OPEC headquarters in Vienna (Photo by Priwo & in public domain.)

The National Security Agency has managed to infiltrate the Organization of the Petroleum Exporting Countries (OPEC), according to documents from former NSA contractor and whistleblower Edward Snowden.

The German newspaper Der Spiegel reported the documents show that the NSA and GCHQ infiltrated OPEC’s computers and analysts “discovered an internal study in the OPEC Research Division.”

“It stated that OPEC officials were trying to cast the blame for high oil prices on speculators,” Der Spiegel further reported. “A look at files in the OPEC legal department revealed how the organization was preparing itself for an antitrust suit in the United States. And a review of the section reserved for the OPEC secretary general documented that the Saudis were using underhanded tactics, even within the organization.”

NSA analysts apparently determined that Riyadh had worked to “keep an increase in oil production” secret.

A list of individuals targeted for surveillance included “Saudi Arabia’s OPEC governor.” The Foreign Intelligence Surveillance Court approved the targeting.

When Saudi Arabia’s OPEC governor traveled to the United States, surveillance of the governor was suspended. NSA surveillance, including hacking into his communications, resumed when he returned to Riyadh.

The name of the governor does not appear in Der Spiegel’s report. Either Majid al-Moneef, who was in the position from 2003 to 2012, and/or Yasser Mufti, who currently holds the position, were targeted.

A 2010 report led analysts to conclude the Saudis had “released incorrect oil production figures.” Such strategic intelligence—as it is called—was given to the CIA, State Department and Department of Energy.

In the same year, according to one document, GCHQ broke into the computers of “nine OPEC employees by using the ‘Quantum Insert’ method.” They were able to access OPEC’s computer system and obtain “administrator privileges for the OPEC network and gain access to two secret servers containing ‘many documents of interest.’”

The “Quantum Insert” method is how GCHQ gained access to the company networks of Belgacom, a partly government-owned telecommunications company in Belgium. It involved using “fake copies of LinkedIn profiles as one of their tools,” according to a separate report from Der Spiegel.

The Belgacom employees probably thought nothing was amiss when they pulled up their profiles on LinkedIn, the professional networking site. The pages looked the way they always did, and they didn’t take any longer than usual to load.

The victims didn’t notice that what they were looking at wasn’t the original site but a fake profile with one invisible added feature: a small piece of malware that turned their computers into tools for Britain’s GCHQ intelligence service.

Analysts at GCHQ researched employees in “network maintenance and security” and looked at whether the targets used LinkedIn. They also were able to target employees who used Slashdot.org, a tech news website and community.

Der Spiegel described, “The computers of these ‘candidates’ were then infected with computer malware that had been placed using infiltration technology.” This was a “signature project” of a GCHQ hacking unit called My Network Operations Center or MyNOC.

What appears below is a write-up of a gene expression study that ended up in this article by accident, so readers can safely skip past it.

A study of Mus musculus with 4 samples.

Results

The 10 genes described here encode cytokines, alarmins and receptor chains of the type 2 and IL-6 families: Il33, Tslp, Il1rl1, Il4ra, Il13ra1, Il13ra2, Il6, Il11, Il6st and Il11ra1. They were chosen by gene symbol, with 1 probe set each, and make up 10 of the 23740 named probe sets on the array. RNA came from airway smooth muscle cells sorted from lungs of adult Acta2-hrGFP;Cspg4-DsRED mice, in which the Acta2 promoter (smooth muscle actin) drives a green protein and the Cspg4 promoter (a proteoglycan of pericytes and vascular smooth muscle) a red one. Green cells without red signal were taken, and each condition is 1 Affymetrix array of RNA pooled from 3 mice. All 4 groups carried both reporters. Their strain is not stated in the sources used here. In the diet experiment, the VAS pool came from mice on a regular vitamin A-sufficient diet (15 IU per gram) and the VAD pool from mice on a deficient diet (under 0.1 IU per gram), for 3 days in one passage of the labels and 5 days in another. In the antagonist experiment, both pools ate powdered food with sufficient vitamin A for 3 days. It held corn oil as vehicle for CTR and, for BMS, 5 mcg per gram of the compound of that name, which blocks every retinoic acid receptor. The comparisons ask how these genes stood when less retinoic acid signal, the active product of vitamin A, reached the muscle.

This unit has worked to turn mobile phones into monitoring tools, which can be “activated at any time.” They also have targeted “international mobile billing clearinghouses,” which process “international payment transactions among wireless companies.”

Companies targeted include Comfone and Mach, both based in Switzerland.

Finally, secret documents explained that Quantum is an “extremely sophisticated exploitation tool developed by the NSA and comes in various versions.”

LinkedIn says it has not detected any “spoofing activity that is being reported.” It stated that it has not cooperated with any government agency and has no knowledge “with regard to these actions.”

Dice Holdings, which owns Slashdot, put out the following statement:

We were alerted to these reported government agency actions by a submission on Slashdot made by the community Sunday evening linking to news stories. To be clear, we have not been asked to cooperate with any government agency related to this matter and have not provided access to Slashdot systems or user information. We know of no unauthorized Slashdot code manipulation, or attempts to effect any. We do not approve of this reported activity and if true, it’s unfortunate that we are yet another in a long line of internet businesses to suffer this type of intrusion.

Previously, it has been disclosed that the NSA targeted the Brazilian oil company, Petrobras. This news led Brazil president Dilma Rousseff to suggest that if what was alleged in the documents was proven to be true it would be “industrial espionage.”

There is no national security justification for spying on OPEC or Belgacom. The information is “strategic intelligence” that officials in government need to maintain America’s dominance in the world.

The motivation for spying on Saudi Arabia’s OPEC governor is purely economical. But should NSA analysts be conducting this sort of activity?

Perhaps, it helps maintain America’s status as a superpower. That does not excuse the conduct or make it off-limits to debate.

Much of this is offensive activity that, if waged by individuals donning Guy Fawkes masks or from mystery buildings in China, would be soundly condemned by government officials.

Furthermore, one wonders how the FISC decided to spy on Saudi Arabia’s OPEC governor and what pretext the NSA used to gain authorization. The authorization would likely demonstrate the broad power granted by the court to the NSA to collect “foreign intelligence” for “national security” purposes.